Scientists have uncovered a new class of master control elements in stomach cancer called “super-enhancers”, which control critical cancer genes and proteins required for stomach tumours to survive and grow.
The team’s generation of this unprecedented and comprehensive catalogue of stomach cancer super-enhancers is an important milestone for the community. Currently, stomach cancer is the fifth most common cancer worldwide and the third leading cause of global cancer death . Most gastric cancers are diagnosed late, and the disease is often resistant to current clinical treatments.
By studying super-enhancers in stomach tumours, the team was able to shed light on how these elements impact the risk of stomach cancer development and progression of the disease. For example, stomach cancer patients whose tumours exhibited high numbers of super-enhancers exhibited a significantly poorer survival rate. Selective activation of these super-enhancers could explain why certain groups of people are at risk of developing the disease.
These tissue-specific super-enhancers also represent a previously untapped reservoir of cancer vulnerability, acting to bridge oncogenic signalling to tissue-specific features of malignancy. Thus, studying the mechanisms driving the development of super-enhancers in stomach cancer may lead to novel therapies. Specifically, the team also identified two DNA-binding proteins as drivers for the formation of tumour-specific super-enhancers. These may serve as potential drug targets for stomach cancer.
The researchers were able to make this finding using a highly sensitive, “made-in-Singapore” technology, called Nano-ChIPseq. Developed at A*STAR’s Genome Institute of Singapore (GIS), Nano-ChIPseq enables the study of epigenomic changes in clinical samples obtained directly from stomach cancer patients, rather than laboratory cultured cell lines. Unlike DNA which is stable and unchanging, epigenomic instructions are strongly influenced by factors such as food, infectious agents, and chemicals, suggesting that they can be modified by environmental risk factors.
“Future work in our lab will investigate how such super-enhancers can be disrupted by drugs, which will open up new avenues for cancer therapy,” said the study’s corresponding author Prof Patrick Tan, Deputy Executive Director of A*STAR’s Biomedical Research Council and an associate faculty member at the GIS. “We hope that our findings will encourage the scientific community to embrace our technology as a means to rapidly uncover master control elements that are highly relevant to diseases and clinical outcomes. This effort may eventually change the way stomach and other cancers are managed, which will enhance the clinical outcomes of cancer patients.”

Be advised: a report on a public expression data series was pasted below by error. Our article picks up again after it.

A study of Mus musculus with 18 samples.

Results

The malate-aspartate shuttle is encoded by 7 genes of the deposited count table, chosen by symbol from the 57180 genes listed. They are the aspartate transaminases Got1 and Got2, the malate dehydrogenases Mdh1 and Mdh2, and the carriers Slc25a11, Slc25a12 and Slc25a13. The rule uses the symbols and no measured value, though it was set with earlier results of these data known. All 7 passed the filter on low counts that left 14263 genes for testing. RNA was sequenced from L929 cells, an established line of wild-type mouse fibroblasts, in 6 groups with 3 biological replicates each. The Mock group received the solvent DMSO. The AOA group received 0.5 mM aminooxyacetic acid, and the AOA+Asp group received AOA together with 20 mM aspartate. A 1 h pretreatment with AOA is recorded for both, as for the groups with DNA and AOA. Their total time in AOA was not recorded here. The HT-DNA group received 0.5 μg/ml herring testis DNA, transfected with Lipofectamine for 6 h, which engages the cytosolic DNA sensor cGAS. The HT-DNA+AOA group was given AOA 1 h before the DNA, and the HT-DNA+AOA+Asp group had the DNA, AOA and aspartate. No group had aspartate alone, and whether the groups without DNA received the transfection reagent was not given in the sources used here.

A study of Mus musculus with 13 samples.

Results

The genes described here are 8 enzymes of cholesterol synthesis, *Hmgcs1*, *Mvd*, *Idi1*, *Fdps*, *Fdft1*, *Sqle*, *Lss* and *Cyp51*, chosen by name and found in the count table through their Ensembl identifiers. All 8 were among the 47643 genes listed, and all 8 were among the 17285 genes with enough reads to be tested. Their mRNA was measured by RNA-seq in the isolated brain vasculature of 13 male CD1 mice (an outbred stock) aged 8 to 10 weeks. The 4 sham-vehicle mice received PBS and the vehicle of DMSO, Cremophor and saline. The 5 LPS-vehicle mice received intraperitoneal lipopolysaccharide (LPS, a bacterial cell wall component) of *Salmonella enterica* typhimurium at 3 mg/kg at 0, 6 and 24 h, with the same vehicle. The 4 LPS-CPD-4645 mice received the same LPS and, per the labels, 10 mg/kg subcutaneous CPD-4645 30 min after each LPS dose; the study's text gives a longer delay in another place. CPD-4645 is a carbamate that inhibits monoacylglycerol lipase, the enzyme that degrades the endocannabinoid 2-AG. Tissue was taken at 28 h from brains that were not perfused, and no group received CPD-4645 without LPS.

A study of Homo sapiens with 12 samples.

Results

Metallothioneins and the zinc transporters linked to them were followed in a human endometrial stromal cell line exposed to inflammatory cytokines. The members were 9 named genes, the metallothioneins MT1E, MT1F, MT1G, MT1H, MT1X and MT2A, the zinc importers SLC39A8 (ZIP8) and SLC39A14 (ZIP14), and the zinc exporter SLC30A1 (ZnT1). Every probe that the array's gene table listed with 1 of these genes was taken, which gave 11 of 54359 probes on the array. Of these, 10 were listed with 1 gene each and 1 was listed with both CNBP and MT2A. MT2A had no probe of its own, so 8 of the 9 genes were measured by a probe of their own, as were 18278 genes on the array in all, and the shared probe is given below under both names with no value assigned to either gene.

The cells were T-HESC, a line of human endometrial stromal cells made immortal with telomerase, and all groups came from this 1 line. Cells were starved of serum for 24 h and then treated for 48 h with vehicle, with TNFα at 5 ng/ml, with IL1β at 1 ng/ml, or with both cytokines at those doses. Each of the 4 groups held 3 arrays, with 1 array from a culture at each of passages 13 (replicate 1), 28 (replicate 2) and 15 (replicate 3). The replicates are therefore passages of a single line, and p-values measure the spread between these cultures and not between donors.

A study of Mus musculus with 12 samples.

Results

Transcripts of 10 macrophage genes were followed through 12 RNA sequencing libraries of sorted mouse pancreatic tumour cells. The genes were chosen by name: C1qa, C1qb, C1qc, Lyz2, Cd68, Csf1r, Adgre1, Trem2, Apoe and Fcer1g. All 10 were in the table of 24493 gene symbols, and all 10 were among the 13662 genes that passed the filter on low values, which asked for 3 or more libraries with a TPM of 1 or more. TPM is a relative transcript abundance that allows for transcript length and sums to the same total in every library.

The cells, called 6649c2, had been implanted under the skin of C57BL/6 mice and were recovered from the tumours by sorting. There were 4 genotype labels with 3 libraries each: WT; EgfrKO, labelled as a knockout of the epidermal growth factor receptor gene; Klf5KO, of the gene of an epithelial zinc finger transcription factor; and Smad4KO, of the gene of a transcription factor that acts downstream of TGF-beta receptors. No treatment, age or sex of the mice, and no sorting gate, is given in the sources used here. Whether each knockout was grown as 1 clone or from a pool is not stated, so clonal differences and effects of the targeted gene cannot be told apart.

Published in scientific journal Nature Communications, this study was led by GIS, in collaboration with Duke-NUS Medical School, Cancer Science Institute of Singapore at the National University of Singapore (NUS), Singapore General Hospital (SGH), Weatherall Institute of Molecular Medicine at Oxford University, and the Singapore Gastric Cancer Consortium (SGCC). Commercialisation of the Nano-ChIPseq platform is currently supported through gap funding awarded by ETPL Pte Ltd, the commercialisation arm of A*STAR.
“I felt something awesome will be coming when I heard about the new method, Nano-ChIPseq. The study suggests that extensive alterations in gene regulation, and not genes themselves, explain deep mysteries of gastric cancer, which are known to exhibit small numbers of mutations and deep involvement of bacterial infection, an environmental factor. Naturally, development of novel therapeutic strategies must take account of these findings,” said Dr Toshikazu Ushijima, Chief of Division of Epigenomics at the National Cancer Center Research Institute in Japan, and a member of the SGCC Scientific Advisory Board.
GIS Executive Director Prof Ng Huck Hui added, “This is a remarkable technological breakthrough for the community. As we constantly work to find better treatments for cancer, it is also important that we find more efficient ways to study how epigenomic changes can drive the formation of cancerous cells from healthy cells. A greater understanding about molecular changes in diseases can potentially lead to early therapeutic intervention and improved care for the patients.”